Researchers Develop a Smart Fence

The first line of defense against intruders at airports, prisons, military bases, and nuclear power plants is often nothing more than a chain-link fence.

At some high-risk areas, such as nuclear weapons storage facilities, complex sensors that detect an intruder's movement, body heat, or footsteps can augment perimeter security.

But adding these detection capabilities also adds as much as $165 per foot of perimeter fence, making them prohibitively expensive for large areas such as an airport or Navy base, which may have miles of fencing to monitor.

However, a team of researchers at Pennsylvania State University's Applied Research Laboratory (ARL) has developed an extremely simple — and inexpensive — solution to make almost any fence smarter at detecting, locating and classifying trespassers.

Secured by a String of Wire

The experimental fence monitoring system uses a single high-tension metal wire that can be embedded within the fence's chain links or strung along the top of fence structures. Any disturbance to the fence — a person attempting to climb it or a piece of trash brushing up against it — will cause the tightly wound wire to vibrate like a guitar string.

Geophones — electronic sensors commonly used to monitor earthquake activity — or other sensors strung along the wire translate these vibrations into signals that are sent back to a central computer. Software created by ARL's researchers then compares the strength and pattern of the signals to determine the type and location of the "threat" against the fence.

Sorting the Bad Vibes From Good

A tree branch that is blown against the fence, for example, produces only a momentary pattern of vibrations. But a person cutting the fence and the sensor wire creates a very brief pattern of intense signals. Even careful climbing by an intruder would stress the fence and create a heavy, sustained vibration pattern indicating a human invader was present rather than a squirrel.

The software can also help locate the source of the disturbance by monitoring the vibrations in the fence and precisely detecting the time of arrival of signals from two or more locations. Measured differences between the signal's arrival times indicate the point at which the intrusion occurs.

Heard It Through the Power Line

David Swanson, associate professor of acoustics and lead research associate on the project, says the idea for the new fence monitoring system came from his experience with how sound travels along the wire. "I distinctly remember hearing sounds on a high-tension power line miles away from a railroad crossing and thought, 'Hmmm, I bet this will work.'"

A prototype system installed at Penn State has produced excellent results says Nicholas C. Nicholas, a physicist and senior research associate at ARL who worked on the fence monitor.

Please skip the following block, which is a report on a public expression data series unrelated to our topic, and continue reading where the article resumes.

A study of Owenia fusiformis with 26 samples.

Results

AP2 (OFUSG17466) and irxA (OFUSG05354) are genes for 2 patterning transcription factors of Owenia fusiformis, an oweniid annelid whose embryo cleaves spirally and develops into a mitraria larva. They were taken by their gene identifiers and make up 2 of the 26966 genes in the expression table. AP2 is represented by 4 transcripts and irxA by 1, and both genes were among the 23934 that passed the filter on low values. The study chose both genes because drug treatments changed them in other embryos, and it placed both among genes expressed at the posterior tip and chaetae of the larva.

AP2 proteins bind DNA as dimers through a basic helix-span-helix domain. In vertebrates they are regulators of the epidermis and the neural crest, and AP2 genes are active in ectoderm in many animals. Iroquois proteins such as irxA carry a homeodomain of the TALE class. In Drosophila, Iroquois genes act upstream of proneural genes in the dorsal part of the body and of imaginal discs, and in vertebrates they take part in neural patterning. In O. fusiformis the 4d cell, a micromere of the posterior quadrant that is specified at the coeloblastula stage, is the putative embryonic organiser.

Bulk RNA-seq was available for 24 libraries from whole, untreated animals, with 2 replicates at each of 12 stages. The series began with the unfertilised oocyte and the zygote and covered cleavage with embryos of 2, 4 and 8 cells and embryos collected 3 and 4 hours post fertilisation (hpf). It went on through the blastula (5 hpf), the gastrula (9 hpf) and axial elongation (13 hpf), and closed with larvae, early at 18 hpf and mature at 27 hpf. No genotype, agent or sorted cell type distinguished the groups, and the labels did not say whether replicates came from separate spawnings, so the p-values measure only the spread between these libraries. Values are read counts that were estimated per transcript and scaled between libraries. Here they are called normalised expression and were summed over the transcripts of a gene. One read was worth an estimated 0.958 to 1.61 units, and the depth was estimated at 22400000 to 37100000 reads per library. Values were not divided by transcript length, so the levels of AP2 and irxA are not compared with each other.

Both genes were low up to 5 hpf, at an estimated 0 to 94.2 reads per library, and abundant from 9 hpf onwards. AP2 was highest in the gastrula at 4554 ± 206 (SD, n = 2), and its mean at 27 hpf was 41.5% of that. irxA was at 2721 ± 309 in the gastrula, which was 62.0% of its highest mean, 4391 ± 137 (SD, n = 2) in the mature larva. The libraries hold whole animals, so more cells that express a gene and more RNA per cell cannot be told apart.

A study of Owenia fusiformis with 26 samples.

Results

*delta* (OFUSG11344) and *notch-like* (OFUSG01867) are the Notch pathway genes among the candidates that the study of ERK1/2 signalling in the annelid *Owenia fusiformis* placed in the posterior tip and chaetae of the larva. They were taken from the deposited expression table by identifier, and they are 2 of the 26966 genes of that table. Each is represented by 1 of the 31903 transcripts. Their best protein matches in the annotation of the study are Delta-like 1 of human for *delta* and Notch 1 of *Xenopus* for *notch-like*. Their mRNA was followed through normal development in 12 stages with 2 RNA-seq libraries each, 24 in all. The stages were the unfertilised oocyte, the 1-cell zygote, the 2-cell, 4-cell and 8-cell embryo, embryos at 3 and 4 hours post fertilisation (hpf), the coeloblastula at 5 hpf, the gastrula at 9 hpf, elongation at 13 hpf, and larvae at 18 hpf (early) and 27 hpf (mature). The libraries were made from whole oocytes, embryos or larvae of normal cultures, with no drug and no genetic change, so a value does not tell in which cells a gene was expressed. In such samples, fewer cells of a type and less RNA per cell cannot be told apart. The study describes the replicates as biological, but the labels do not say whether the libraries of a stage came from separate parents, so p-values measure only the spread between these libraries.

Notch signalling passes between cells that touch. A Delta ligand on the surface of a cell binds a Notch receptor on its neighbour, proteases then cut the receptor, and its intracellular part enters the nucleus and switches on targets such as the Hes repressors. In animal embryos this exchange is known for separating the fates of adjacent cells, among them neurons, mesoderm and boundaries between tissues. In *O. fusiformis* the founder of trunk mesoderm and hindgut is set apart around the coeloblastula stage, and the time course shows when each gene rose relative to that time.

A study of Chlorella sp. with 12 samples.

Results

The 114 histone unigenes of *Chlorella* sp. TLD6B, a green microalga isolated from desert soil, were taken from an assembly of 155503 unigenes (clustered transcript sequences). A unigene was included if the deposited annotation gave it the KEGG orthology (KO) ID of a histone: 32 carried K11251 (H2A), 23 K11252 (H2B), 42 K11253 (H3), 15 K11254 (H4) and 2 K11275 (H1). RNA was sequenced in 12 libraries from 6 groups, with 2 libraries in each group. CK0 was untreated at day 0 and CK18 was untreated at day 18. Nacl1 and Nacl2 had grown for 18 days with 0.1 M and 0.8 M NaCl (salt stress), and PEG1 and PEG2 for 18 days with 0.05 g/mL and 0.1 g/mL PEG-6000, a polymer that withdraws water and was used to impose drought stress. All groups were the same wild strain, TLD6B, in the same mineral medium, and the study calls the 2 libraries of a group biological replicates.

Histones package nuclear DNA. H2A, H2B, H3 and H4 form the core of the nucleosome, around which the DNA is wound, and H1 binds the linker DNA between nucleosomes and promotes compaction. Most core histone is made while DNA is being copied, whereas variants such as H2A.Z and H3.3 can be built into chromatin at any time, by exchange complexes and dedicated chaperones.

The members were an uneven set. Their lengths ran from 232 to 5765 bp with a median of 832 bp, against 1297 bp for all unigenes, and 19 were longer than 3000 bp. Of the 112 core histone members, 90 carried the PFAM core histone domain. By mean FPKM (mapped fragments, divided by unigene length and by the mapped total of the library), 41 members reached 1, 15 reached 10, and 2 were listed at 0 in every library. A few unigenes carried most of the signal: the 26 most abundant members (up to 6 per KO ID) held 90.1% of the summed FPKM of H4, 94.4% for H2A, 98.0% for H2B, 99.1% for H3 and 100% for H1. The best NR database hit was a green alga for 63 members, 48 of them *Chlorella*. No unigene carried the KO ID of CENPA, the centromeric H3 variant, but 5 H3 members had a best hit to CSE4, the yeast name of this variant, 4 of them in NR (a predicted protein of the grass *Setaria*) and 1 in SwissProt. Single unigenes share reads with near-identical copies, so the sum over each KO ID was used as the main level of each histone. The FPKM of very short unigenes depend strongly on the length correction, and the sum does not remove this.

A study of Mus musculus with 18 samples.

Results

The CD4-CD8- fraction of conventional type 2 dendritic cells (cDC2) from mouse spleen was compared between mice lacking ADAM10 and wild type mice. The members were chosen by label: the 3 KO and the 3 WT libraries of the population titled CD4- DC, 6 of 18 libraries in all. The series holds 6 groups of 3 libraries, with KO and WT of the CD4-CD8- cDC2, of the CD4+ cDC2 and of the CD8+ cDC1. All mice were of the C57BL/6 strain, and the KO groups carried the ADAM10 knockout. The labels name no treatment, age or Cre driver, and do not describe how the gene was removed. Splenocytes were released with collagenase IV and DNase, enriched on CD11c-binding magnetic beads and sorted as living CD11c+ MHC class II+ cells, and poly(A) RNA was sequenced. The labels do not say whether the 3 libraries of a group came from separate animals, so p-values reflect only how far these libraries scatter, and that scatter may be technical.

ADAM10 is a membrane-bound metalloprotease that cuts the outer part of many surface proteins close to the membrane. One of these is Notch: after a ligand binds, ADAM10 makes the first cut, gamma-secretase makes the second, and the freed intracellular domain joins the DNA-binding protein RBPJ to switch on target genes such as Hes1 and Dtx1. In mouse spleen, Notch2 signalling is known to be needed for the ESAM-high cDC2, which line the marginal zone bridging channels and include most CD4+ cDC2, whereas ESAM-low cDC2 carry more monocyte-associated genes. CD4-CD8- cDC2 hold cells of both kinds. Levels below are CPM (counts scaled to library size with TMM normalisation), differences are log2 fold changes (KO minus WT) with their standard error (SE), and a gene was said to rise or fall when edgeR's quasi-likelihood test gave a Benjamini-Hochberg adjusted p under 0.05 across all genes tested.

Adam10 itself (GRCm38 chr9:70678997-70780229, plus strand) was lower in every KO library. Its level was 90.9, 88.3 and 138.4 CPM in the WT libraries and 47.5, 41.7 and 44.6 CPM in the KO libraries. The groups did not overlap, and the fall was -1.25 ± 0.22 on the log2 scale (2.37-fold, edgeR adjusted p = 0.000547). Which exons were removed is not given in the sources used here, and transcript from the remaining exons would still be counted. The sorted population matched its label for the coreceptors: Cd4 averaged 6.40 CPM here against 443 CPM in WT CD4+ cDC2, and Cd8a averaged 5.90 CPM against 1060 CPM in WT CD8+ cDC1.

"One of the advantages is that it's hard to see the thing," says Nicholas. Since the tension wire is woven in among the fence wire, it's virtually unnoticeable from distances of about 15 feet. Thinner wires and better sensors would make the system even more difficult to detect — and more formidable against intruders.

Nicholas notes that placing more sensitive detectors on fence posts rather than on just the wire, for example, would probably lead to a system that could detect trespassers as they approach the fence. Nicholas says that tests of the prototype system have already pointed to such potential capabilities. "If you walked along the fence, it would pick up the footsteps," he said. "Thus far, the capabilities seem to be quite good."

So Simple — And Cheap

More importantly, both Swanson and Nicholas note that this system — now patented by Penn State — is ideal for expansive installations such as military bases and airports because of its simplicity.

The material used to build the prototype fence monitor at Penn State, for example, came from an ordinary hardware store. A standard personal computer with a sound card and Microsoft's Windows software is all that's required to run the special vibration analyzing software.

Such simplicity also helps keep costs reasonable. By Nicholas' estimations, retrofitting existing chain link fences with the new monitoring system would cost about one dollar per linear foot of fencing.

Nicholas says the research team is on track to begin the "engineering development" phase, which will further refine the software to make it easier to install and use at different sites. When that work is completed, he says the University will seek a business partner to make the system commercially available, perhaps as soon as next year.